Lawyer tries to collect money from Santa Rosa Rancheria


HANFORD, Calif. - The lawyer for two sheriff's deputies who were shot in the line of duty is trying to collect more than $1.5 million from the Tachi Yokut Tribe and Chairman Clarence Atwell.

A Kings County judge awarded them the money in a civil default judgment. The Tachi Yokut say the judgment was wrongfully executed. They tribe resides on the Santa Rosa Rancheria near Hanford in Kings County.

In 1996, tribal members Burley Dick and Manuel Carnero shot and injured Kings County sheriff's deputies Mark Bradford and Patrick Huddleston with a 12-gauge shotgun filled with bird shot cartridges. The deputies had responded to a call at the Santa Rosa Rancheria. Dick and Carnero were minors at the time but were tried as adults and are serving 21-year sentences for the crime.

Kaya Atwell, reported by the Fresno Bee to be 21 at the time, supplied the shotgun used in the crime. The gun belonged to his father, Tribal Chairman Atwell. The younger Atwell had been convicted in a drive-by shooting earlier in the day and also was convicted on charges of supplying the gun. He was sentenced to five years in prison and has since been freed.

Chairman Atwell says his son had no knowledge that Dick and Carnero had taken the gun. The chairman was several hours away in Half Moon Bay when the incident occurred.

The sheriff's deputies and their lawyer, Paul Abram, have decided to go after the tribe in civil litigation citing, among other things, California parental liability laws since Atwell owned the gun.

Atwell points out that his son was 21 at the time and questions how he could be responsible for the actions of an adult. He also says the shooters were tried as adults.

"First they make them adults so they can be responsible and then they say that the parents are responsible. How can it be both ways?" asks Atwell.

Abram and the deputies also brought suit against nine tribal members and are trying to make the Santa Rosa Rancheria as a whole accountable.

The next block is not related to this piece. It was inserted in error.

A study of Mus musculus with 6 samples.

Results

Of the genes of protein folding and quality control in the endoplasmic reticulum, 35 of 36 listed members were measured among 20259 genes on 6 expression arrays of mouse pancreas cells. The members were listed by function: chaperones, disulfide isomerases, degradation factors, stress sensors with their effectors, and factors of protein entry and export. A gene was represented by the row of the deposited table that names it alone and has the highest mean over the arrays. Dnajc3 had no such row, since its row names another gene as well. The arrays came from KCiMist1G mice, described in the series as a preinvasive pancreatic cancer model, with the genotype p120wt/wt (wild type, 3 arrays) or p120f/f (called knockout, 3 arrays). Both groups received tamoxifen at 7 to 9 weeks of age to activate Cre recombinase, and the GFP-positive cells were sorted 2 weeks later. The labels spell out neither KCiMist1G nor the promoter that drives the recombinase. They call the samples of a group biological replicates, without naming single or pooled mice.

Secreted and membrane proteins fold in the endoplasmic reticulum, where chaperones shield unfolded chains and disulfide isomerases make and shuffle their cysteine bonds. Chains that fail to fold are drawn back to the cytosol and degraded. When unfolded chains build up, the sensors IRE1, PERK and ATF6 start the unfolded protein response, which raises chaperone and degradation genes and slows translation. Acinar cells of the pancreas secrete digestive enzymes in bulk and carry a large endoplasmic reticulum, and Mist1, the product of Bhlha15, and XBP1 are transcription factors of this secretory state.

"That's just stupid," says tribal member Creig Marcus. "I mean, you can't hold the city of Sacramento responsible for a crime that's committed there. The people who did this crime are in jail. The whole tribe is not responsible for the independent actions of its members."

Michelle Le-Beau, a lawyer for the tribe, says the award was given by default judgment, given when a party in a court case does not appear at the hearing. She says tribal members did not appear because they were improperly summoned. The summonses were dropped off at tribal headquarters when they should have been served directly on tribal members.

"What basically happens in this case and other civil cases of default is that the party that's suing gets a blank check. They (Abram and the deputies) got to fill in the numbers," Le-Beau says.

Le-Beau added that the statute of limitations has run out on the improper summonses and her law firm, Monteaux and Peebles of Sacramento, was called in on the case late. She said her strategy now is to say the statement of damages was improperly served.

Le-Beau and Marcus say the primary reason for the suit is money. They feel Abram mistakenly believes the tribe has deep pockets because of a tribal casino operation called "The Palace."

Tribal sources say most of the money in the casino operation is put back into the casino. The only money tribal members receive is a per capita payment. Le-Beau says that Abram does not understand the difference between tribal money and that of individual tribal members.

"There is no law or statute on the books that holds a tribal chairman liable for the actions of his tribe," Le-Beau says.

Abram has accused the tribe of trying to hide behind sovereign immunity. Le-Beau, Atwell and Marcus all deny this. Le-Beau says the tribe has plenty of other legal reason for opposing the payments that do not include tribal sovereignty.

Marcus also has accused Abram with racism.

Asked if he was a racist, when reached at his Hanford offices, Abram replied in a belligerent tone, "How dare you call me a racist. I will not sit here and be accused of being a racist."

Marcus says Abram screamed at him in the halls of the courthouse and told him, "Any time you want to protect yourself like a squaw and hide behind sovereign immunity, you do it."

These allegations are backed up by a Fresno Bee report on the incident.

Abram said that he was "going after Mr. Atwell's paycheck" at one of the many hearings later in the week.

Tribal sources say that Abram launched a blitzkrieg of propaganda to tribal members including various documents and negative press clippings about the tribe. Sources say this is because he is attempting to confuse the matter and tribal members are confused as to which papers are which.

The tribe will attempt to get a dismissal of default at an Aug. 10 hearing, officials said.

Editor's note: A gag order was imposed July 20. All interviews for this story were conducted prior to that date.